Conference on Disarmament
An Introduction to the Conference
The Conference on Disarmament (CD), was recognized by the first Special Session on Disarmament of the United Nations General Assembly (SSOD-I) (1978) as the single multilateral disarmament negotiating forum of the international community.
It succeeded other Geneva-based negotiating fora, which include the Ten-Nation Committee on Disarmament (1960), the Eighteen-Nation Committee on Disarmament (1962-68), and the Conference of the Committee on Disarmament (1969-78).
The current Director-General of UNOG is the Secretary-General of the Conference on Disarmament as well as the Personal Representative of the UN Secretary-General to the CD.
The terms of reference of the CD include practically all multilateral arms control and disarmament problems. Currently the CD primarily focuses its attention on the following issues: cessation of the nuclear arms race and nuclear disarmament; prevention of nuclear war, including all related matters; prevention of an arms race in outer space; effective international arrangements to assure non-nuclear-weapon States against the use or threat of use of nuclear weapons; new types of weapons of mass destruction and new systems of such weapons including radiological weapons; comprehensive programme of disarmament and transparency in armaments.
The CD meets in an annual session, which is divided in three parts of 10, 7 and 7 weeks, respectively. The first week shall begin in the penultimate week of the month of January. The CD is presided by its members on a rotating basis. Each President shall preside for a period of four weeks.
In order to ensure a coherent approach among the six Presidents of the session to the work of the Conference, as of 2006, an informal coordination mechanism - the P6 - was established that provides for the six presidents of the session to informally meet, usually on a weekly basis. Also on a weekly basis, the President meets informally with the Regional Group Coordinators and China together with the P6 (Presidential Consultations).
As originally constituted, the CD had 40 members. Subsequently, its membership was gradually expanded (and reduced) to 65 countries. The CD has invited other UN Member States that have expressed a desire to participate in the CD's substantive discussions, to take part in its work as non-member States.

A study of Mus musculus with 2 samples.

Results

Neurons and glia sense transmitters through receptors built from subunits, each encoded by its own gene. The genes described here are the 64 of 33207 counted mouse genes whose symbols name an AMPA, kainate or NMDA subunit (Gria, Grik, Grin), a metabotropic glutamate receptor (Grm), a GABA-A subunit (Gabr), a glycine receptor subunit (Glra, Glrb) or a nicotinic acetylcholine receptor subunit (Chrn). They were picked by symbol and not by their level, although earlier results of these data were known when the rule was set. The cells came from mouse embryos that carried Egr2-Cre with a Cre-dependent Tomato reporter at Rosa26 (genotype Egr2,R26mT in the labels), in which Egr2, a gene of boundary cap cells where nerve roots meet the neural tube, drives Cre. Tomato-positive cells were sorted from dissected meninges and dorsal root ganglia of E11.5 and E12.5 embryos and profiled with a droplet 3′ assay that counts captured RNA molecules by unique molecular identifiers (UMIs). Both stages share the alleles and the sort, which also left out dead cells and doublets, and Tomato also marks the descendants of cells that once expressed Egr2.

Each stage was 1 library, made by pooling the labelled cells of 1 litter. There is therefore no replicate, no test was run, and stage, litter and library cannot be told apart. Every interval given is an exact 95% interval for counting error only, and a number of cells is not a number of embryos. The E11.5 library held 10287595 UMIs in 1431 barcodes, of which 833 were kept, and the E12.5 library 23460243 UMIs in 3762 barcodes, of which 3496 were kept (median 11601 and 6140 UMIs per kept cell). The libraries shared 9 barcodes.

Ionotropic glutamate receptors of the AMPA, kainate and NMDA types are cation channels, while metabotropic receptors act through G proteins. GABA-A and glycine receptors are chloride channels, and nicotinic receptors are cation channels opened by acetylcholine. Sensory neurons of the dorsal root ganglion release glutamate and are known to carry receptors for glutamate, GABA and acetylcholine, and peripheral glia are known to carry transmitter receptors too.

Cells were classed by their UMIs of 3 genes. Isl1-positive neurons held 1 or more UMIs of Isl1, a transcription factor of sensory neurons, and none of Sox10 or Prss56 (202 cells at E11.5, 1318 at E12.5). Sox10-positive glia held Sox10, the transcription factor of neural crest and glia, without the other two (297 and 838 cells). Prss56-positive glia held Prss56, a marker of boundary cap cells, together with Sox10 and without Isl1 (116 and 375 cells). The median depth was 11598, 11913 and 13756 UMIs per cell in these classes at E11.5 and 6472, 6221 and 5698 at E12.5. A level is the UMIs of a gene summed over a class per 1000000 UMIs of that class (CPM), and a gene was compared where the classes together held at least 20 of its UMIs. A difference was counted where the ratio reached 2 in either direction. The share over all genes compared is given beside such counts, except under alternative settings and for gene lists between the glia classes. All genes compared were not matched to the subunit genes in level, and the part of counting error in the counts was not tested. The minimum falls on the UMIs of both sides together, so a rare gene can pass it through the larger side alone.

The CD adopts its own Rules of Procedure and its own agenda, taking into account the recommendations of the General Assembly and the proposals of its Members.
It reports to the General Assembly annually, or more frequently, as appropriate. Its budget is included in that of the United Nations. Staff members of the Geneva Branch of the Office for Disarmament Affairs service the meetings of the CD, which are held at the Palais des Nations.
The Conference conducts its work by consensus.
The CD and its predecessors have negotiated such major multilateral arms limitation and disarmament agreements as the Treaty on the Non-Proliferation of Nuclear Weapons, the Convention on the Prohibition of Military or Any Other Hostile Use of Environmental Modification Techniques, the Treaty on the Prohibition of the Emplacement of Nuclear Weapons and Other Weapons of Mass Destruction on the Sea-Bed and the Ocean Floor and in the Subsoil thereof, the Convention on the Prohibition of the Development, Production and Stockpiling of Bacteriological (Biological) and Toxin Weapons and on their Destruction, the Convention on the Prohibition of the Development, Production, Stockpiling and Use of Chemical Weapons and on Their Destruction and Comprehensive Nuclear-Test-Ban Treaty.